KAISERSLAUTERN, Germany - A real American Indian organization in Europe, can it be possible? As absurd as some may think it sounds, the Native American Association of Germany has been an active organization in Europe promoting American Indians for the last six years.
It has both American Indian and German members. The goal is to bring American Indian culture to Germany with the hope of building a greater cultural understanding between American Indians and members of other nationalities.
Chairman and founding member Lindbergh Namingha, an enrolled member of the Hopi Tribe, lives in Germany with his German wife and three children. Namingha said he has seen a need for such an organization since he was stationed at a U.S. Army base in Germany in the early 1970s.
"There is an immense interest and fascination about us and our culture by Germans and other Europeans, many of which do not have an opportunity to meet Native Americans. Their only source of knowledge about our culture comes from books and movies, creating many misconceptions."
Surprisingly though Germans, unlike American citizens, have a very positive image of American Indians, Namingha said. He attributes this to author Karl May and his books about Winnetou often read in German schools. Even though May made several mistakes about American Indians in his books, he left behind a positive image.
This interest of American Indian culture by the Germans has led to several hundred "hobbyist" groups whose members play "Indian" on the weekends, he said. They hold pow wows, spiritual ceremonies including naming and Pipe ceremonies and sweats. They try to live as American Indians did in the 1800s basing their information about American Indians on books and believe they are maintaining traditional beliefs and ways of American Indians, Namingha said.
"They are like a living museum and I find it very offensive, especially when they refuse to let true American Indians participate in their events. They say we?re too modern and believe we?ve lost our Native Americanness. They can?t seem to understand that our culture, just like theirs, has evolved from the 17th century to the 21st," he said.
Namingha said some of the other common misconceptions are that Germans see American Indians as either noble savages, blood-thirsty Natives, as an extinct population or as environmental saints and spiritual gurus.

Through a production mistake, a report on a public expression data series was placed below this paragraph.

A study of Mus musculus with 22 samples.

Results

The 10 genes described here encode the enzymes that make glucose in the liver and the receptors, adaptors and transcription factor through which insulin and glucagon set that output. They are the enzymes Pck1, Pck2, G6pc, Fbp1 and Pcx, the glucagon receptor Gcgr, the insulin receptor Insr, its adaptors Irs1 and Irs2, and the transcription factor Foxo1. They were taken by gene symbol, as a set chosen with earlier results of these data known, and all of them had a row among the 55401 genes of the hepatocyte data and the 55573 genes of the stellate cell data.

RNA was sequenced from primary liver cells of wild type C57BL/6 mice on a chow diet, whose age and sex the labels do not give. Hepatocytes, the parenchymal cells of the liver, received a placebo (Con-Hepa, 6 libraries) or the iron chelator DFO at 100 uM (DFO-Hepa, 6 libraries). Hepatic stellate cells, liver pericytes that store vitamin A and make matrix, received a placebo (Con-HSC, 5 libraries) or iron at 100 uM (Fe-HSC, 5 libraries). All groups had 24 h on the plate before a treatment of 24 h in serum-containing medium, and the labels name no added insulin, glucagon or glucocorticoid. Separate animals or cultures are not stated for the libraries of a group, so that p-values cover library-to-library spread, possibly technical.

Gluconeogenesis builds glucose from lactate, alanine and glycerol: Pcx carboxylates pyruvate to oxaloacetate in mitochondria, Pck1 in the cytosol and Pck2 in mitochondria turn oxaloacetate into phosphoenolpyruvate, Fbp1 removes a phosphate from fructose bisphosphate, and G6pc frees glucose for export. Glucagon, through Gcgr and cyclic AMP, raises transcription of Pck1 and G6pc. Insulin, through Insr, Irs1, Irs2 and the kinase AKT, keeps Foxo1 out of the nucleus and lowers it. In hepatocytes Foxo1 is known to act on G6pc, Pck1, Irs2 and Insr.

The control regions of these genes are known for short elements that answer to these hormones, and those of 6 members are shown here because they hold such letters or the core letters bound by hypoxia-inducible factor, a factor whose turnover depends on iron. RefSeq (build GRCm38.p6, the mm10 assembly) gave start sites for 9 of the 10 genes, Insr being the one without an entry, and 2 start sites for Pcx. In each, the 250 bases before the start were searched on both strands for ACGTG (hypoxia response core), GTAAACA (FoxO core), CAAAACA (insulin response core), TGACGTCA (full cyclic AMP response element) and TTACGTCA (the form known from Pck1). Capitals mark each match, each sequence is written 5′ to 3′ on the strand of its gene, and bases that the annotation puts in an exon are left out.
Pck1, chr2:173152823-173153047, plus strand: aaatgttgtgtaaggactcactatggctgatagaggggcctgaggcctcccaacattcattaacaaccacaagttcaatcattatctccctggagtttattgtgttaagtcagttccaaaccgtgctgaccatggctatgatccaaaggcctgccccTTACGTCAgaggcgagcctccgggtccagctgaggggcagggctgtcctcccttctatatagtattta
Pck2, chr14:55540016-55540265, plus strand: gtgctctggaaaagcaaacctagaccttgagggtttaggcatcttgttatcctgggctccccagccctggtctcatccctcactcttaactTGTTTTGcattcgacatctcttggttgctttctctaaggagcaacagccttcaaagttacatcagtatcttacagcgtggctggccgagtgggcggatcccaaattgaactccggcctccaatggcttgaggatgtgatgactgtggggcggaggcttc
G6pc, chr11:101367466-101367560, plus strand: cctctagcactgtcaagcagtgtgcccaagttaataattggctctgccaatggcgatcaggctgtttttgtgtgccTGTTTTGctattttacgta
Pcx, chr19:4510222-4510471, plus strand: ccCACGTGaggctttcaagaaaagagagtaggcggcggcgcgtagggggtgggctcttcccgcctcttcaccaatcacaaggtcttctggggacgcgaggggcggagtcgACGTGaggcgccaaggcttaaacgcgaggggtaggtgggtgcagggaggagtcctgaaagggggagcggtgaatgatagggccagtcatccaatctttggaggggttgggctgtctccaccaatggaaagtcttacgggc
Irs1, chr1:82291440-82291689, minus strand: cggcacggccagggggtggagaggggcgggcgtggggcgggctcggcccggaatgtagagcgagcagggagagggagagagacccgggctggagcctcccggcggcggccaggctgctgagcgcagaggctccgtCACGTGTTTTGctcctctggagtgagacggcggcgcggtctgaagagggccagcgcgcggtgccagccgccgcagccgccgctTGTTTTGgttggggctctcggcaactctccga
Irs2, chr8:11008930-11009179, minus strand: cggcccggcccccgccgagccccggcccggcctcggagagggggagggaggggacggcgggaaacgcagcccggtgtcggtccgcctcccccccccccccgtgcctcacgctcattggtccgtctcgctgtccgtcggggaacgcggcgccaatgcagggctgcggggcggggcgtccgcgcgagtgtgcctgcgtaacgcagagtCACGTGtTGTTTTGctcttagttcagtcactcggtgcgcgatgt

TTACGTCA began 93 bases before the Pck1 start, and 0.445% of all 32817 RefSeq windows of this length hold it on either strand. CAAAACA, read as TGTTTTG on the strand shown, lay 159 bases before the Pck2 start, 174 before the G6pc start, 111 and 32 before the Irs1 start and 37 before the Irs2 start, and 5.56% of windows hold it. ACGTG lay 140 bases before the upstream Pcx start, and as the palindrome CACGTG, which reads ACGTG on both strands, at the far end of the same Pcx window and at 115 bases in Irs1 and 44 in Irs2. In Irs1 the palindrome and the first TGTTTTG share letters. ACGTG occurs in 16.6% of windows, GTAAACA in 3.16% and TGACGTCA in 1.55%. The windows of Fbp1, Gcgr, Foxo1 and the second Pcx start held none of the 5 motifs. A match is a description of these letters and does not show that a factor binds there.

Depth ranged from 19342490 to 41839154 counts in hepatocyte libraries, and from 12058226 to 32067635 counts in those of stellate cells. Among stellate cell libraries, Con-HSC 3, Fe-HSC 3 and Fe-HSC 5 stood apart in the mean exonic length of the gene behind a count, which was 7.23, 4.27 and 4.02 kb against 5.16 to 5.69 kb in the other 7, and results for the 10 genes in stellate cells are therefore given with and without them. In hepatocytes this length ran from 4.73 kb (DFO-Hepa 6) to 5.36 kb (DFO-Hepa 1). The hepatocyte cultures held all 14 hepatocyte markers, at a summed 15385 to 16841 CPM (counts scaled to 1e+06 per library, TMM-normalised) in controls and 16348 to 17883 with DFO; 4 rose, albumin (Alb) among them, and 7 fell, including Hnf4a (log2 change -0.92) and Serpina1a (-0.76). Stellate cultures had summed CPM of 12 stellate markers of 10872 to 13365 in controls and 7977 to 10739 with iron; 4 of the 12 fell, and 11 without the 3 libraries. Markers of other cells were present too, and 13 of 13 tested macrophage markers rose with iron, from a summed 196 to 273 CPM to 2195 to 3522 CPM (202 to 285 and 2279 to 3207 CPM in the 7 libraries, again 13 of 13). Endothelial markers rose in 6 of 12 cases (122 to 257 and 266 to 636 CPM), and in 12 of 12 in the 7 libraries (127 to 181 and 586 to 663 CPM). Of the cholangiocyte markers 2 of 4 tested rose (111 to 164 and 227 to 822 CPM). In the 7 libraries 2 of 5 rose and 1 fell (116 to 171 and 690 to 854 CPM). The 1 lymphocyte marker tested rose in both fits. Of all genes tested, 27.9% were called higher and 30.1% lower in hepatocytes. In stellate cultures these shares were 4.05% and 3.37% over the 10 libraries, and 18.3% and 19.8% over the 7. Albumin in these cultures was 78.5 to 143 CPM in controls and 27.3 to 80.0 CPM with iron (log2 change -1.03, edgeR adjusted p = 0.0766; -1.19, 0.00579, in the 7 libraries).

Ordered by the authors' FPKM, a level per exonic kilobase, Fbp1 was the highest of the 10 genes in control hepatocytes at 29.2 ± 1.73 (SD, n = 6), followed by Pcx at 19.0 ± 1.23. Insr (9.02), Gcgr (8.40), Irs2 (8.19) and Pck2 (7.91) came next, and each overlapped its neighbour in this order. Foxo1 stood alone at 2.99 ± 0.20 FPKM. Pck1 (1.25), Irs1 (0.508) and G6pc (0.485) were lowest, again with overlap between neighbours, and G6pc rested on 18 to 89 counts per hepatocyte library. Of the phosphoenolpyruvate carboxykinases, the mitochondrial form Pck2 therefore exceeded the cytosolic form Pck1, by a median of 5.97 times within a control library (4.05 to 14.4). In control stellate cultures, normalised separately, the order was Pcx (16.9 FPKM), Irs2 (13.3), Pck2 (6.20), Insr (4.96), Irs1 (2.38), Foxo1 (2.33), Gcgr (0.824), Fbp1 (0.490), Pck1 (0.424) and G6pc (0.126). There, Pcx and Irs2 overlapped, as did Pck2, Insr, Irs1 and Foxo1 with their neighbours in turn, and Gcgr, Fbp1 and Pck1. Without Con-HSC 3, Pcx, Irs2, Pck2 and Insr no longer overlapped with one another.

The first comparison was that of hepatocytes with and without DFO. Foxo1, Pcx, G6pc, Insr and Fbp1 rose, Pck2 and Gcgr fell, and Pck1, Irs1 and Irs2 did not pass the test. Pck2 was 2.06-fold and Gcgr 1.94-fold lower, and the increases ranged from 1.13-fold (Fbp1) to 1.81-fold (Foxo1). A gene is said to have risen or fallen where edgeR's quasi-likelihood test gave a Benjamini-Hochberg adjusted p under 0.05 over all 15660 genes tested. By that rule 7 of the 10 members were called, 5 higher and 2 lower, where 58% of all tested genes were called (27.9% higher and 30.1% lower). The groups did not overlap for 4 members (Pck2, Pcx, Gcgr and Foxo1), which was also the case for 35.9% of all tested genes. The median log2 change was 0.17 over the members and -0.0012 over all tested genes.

"None of these images does Native Americans justice or is reality and contain no more than a small aspect of Native American culture."
His goal is to show Germans how diverse American Indians are and that each tribe has its own unique culture, language, religion and is its own entity. As an artist, craftsman, singer, drummer and song composer, he enjoys showing and expressing his colorful Hopi culture to others.
"I am very active in trying to keep Native American cultures alive here in Germany, by bringing people together for mutual understanding and by organizing events to inform the public about how the Native American people are today encouraging a deeper respect for one another," Namingha said.
The Native American Association of Germany organizes annual pow wows and holds lectures, exhibits, pre-school presentations, workshops and seminars about American Indian culture for the public twice a month. Namingha feels this will help overcome many of the stereotypes Europeans have and inform them of what American Indian culture is today.
The association often invites American Indians from the United States and Canada to come and help with events, bringing first-hand information about other tribes to the group?s members.
The association also tries to give American Indians in the Armed Forces, stationed in Germany and closely neighboring countries, an opportunity to express their culture, dance at pow wows and meet other American Indians. Namingha said he hopes they will be willing to share the richness of their tribes in a cultural exchange.
The group has 230 members, but only eight are American Indians - Hopi, Ojibwe, Cherokee and Choctaw - some of whom are temporarily stationed in Germany.
The association publishes an educational newsletter, "Indian Country Germany," for its members. Namingha said the group felt the name was appropriate because, "step by step, Germany may just become Indian country.
"In the past, a lot of Native Americans were afraid to tell people about their heritage or background. Recently more and more Americans claim to have a Native American background. The number of those people is growing very fast. Sooner or later they will have nothing else but Native Americans over there. Well, if it gets too crowded in the United States, the Native Americans will come over to Germany."
The association encourages anyone interested in more information, wanting to help make a presentation in Germany, wishing to sell authentic American Indian arts and crafts in Europe or those who need assistance with repatriation of artifacts in European museums, to contact it by e-mail at firstname.lastname@example.org; the web site at http://www.naaog.de or by international mail at Native American Association of Germany, Rodenbacher Str. 22, D-67661 Kaiserslautern, Germany.